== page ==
This year’s London Trading Standards (LTS) Week has kicked off with the launch of a new project designed to protect London’s 2.7 million private renters.
Tenants are being urged to use the Report a Rogue Landlord or Agent tool, an initiative of the Mayor of London’s Office, to inform Trading Standards teams across the capital about breaches of consumer protection law including the Tenant Fees Act 2019. The tool enables tenants to report problems with things like unfair evictions, repairs and maintenance, deposits and landlords’ or agents’ behaviour.
Chair of LTS, Nishi Patel, said: “The cost-of-living crisis, coupled with the dramatic increase in new rents across London, is fuelling a threat to the welfare of so many people who are seeing their incomes squeezed.
“But the launch of our project with the London Mayor’s team should provide private renters with support in their time of need.”
The Deputy Mayor for Housing and Residential Development, Tom Copley, said: “This collaborative effort, uniting London Trading Standards and the Mayor’s ‘Report a Rogue’ tool, will enable London’s 2.7 million renters to report rogue landlords and letting agents more easily and potentially have any illegally obtained tenancy fees repaid.
“When the Mayor launched his flagship Rogue Landlord Checker and Report a Rogue tool in 2017, he made it clear that unscrupulous landlords and agents would have nowhere to hide. Since then this tool has been used over 6,000 times, helping thousands of Londoners to feel safe renting in our city. This new initiative builds on the Mayor’s promise to protect the capital’s renters and create a better, fairer and safer London for everyone.”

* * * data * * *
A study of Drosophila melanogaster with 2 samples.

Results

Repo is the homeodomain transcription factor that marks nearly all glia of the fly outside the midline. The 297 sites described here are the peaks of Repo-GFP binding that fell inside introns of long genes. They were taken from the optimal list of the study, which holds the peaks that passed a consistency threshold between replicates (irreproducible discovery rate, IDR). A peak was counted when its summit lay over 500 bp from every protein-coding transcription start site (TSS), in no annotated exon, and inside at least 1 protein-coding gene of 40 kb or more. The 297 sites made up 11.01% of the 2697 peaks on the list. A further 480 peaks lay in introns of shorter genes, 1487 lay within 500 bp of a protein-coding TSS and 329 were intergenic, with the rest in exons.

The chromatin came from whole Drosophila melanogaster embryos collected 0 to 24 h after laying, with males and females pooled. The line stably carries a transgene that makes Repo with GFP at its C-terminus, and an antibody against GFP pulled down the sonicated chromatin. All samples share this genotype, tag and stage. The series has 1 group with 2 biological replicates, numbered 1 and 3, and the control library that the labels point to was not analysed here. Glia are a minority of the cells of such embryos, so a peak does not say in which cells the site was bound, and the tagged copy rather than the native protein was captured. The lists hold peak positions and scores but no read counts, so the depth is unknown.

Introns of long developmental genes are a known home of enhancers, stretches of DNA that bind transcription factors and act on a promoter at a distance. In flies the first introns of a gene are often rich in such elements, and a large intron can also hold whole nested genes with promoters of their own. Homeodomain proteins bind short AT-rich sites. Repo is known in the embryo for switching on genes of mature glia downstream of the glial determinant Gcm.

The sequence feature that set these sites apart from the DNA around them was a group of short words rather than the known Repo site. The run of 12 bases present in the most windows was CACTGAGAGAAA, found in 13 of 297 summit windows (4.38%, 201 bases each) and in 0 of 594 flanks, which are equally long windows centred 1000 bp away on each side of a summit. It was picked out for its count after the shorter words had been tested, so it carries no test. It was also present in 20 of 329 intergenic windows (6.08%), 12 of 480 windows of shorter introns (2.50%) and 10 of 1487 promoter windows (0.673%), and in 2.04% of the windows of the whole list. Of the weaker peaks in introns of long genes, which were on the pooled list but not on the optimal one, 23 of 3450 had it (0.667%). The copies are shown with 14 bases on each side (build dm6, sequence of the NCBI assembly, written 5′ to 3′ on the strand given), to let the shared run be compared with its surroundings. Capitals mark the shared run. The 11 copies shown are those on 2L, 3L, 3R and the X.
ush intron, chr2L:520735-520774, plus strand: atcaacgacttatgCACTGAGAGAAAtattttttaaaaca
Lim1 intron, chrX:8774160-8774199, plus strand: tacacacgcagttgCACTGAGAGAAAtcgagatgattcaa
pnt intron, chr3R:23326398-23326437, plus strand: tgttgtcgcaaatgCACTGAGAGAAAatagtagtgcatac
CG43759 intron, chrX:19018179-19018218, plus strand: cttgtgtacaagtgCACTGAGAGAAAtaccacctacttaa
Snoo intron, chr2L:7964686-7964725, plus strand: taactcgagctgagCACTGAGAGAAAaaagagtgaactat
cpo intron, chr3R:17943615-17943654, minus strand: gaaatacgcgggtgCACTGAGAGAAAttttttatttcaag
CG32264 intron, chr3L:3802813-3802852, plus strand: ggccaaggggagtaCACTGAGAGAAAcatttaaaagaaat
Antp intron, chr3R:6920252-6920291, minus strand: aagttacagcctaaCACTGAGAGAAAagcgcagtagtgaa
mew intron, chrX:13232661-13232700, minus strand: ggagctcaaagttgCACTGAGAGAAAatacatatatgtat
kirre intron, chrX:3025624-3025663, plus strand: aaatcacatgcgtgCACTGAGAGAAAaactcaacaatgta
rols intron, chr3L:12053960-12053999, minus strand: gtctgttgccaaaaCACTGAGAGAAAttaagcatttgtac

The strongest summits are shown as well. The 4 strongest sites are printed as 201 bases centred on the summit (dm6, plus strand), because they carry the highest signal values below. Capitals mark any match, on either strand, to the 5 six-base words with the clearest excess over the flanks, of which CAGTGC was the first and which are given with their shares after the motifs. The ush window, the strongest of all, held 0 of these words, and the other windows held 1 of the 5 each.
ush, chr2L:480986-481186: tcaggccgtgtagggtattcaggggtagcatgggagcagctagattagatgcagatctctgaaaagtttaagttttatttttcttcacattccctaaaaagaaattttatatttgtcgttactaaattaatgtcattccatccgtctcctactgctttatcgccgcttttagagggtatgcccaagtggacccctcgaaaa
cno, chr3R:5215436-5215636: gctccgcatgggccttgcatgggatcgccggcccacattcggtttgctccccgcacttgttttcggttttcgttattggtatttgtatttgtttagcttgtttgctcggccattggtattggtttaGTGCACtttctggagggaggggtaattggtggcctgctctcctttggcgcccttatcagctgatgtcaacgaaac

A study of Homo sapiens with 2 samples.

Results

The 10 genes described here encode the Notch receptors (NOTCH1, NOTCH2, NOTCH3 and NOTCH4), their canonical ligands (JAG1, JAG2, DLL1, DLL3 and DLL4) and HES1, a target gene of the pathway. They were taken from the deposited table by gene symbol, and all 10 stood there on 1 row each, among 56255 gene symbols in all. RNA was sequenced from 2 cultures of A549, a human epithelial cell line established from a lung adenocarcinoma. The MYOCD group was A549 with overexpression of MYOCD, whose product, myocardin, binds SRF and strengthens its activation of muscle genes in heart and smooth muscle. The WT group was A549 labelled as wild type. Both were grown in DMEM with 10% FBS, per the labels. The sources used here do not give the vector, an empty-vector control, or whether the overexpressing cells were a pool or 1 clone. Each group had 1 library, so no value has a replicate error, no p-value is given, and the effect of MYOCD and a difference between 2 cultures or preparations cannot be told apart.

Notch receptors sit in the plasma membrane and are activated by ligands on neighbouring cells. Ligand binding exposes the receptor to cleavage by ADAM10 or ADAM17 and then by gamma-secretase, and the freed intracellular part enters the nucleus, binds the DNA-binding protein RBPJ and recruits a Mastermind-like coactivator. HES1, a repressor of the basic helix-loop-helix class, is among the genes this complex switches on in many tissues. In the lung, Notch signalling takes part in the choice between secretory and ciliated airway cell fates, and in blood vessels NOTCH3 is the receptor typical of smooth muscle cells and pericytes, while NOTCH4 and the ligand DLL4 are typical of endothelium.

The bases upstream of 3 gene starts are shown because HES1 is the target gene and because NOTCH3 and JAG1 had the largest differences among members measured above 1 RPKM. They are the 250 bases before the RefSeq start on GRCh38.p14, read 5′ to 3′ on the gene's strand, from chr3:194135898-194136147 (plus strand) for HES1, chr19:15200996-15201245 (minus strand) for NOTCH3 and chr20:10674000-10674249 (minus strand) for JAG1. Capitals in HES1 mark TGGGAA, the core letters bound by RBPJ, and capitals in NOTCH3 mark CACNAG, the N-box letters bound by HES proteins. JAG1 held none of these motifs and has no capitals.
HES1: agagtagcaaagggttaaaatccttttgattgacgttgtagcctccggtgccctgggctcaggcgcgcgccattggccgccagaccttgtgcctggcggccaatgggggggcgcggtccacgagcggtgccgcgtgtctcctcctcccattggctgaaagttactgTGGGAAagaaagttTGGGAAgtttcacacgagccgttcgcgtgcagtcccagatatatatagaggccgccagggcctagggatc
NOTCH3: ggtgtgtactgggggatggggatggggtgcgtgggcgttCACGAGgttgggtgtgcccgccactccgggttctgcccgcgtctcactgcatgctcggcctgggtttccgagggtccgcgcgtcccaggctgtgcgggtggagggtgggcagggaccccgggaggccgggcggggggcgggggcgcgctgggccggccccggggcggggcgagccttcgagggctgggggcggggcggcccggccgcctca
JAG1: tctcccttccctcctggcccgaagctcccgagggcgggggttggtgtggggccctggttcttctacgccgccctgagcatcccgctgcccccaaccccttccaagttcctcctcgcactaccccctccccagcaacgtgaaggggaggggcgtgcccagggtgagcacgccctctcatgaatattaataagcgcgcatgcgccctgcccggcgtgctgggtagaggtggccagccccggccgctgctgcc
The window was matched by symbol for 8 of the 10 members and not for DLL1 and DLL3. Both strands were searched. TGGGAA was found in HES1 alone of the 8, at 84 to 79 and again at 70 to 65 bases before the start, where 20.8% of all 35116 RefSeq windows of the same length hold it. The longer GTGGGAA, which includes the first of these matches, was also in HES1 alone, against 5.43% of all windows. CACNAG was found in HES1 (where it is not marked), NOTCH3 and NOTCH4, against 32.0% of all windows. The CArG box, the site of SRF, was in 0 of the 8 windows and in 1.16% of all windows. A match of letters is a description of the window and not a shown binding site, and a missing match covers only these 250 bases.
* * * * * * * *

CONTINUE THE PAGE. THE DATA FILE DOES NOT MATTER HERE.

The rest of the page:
The campaign to support private tenants is part of LTS Week 2023, which promotes the Trading Standards work of all 33 London authorities.
London’s five regional priorities are the launch of the private rental project; work to tackle illegal vapes; a cost-of-living project which encourages fair pricing practices; clampdowns on illicit tobacco; and ongoing work to combat doorstep crime.
The sale of illegal vapes has been a primary focus for Trading Standards teams across the capital over the past year, with more than 200,000 non-compliant products being removed from sale since the start of 2023. Many boroughs are working to promote awareness of the law and prevent illegal underage sales, with test purchases revealing a failure rate of about 30%.
Graeme Preston, LTS Lead Officer for Age Restricted Products, said: “London’s collective action to target non-compliant vapes is as impressive as it is important. Not only is our focus on protecting consumers from unsafe and illegal products but we’ve also prioritised engaging businesses.”
LTS’s work to support consumers during the cost-of-living crisis has focused on confusing or misleading special offers and other unfair practices. The full findings from that project will be shared at the end of March next year, but visits conducted around London have already revealed a number of problems – including inaccurate scales in shops and product displays that could confuse consumers.
A partnership between LTS and the London Tobacco Alliance (LTA) is another of the key priorities, promoting a better understanding of the illicit tobacco market. Tracy Parr, Programme Director, London Tobacco Alliance and Stop Smoking London said: “Through our partnership with London Trading Standards, the London Tobacco Alliance is helping to stamp out illegal and illicit tobacco activity across London’s boroughs. Together, we are developing new insights and strategies to combat this issue.
“The supply of illegal tobacco makes it easier for children to start smoking, takes advantage of less affluent communities and helps fund organised crime. We hope that the result of our work together will be to ensure a healthier and more transparent future for Londoners.”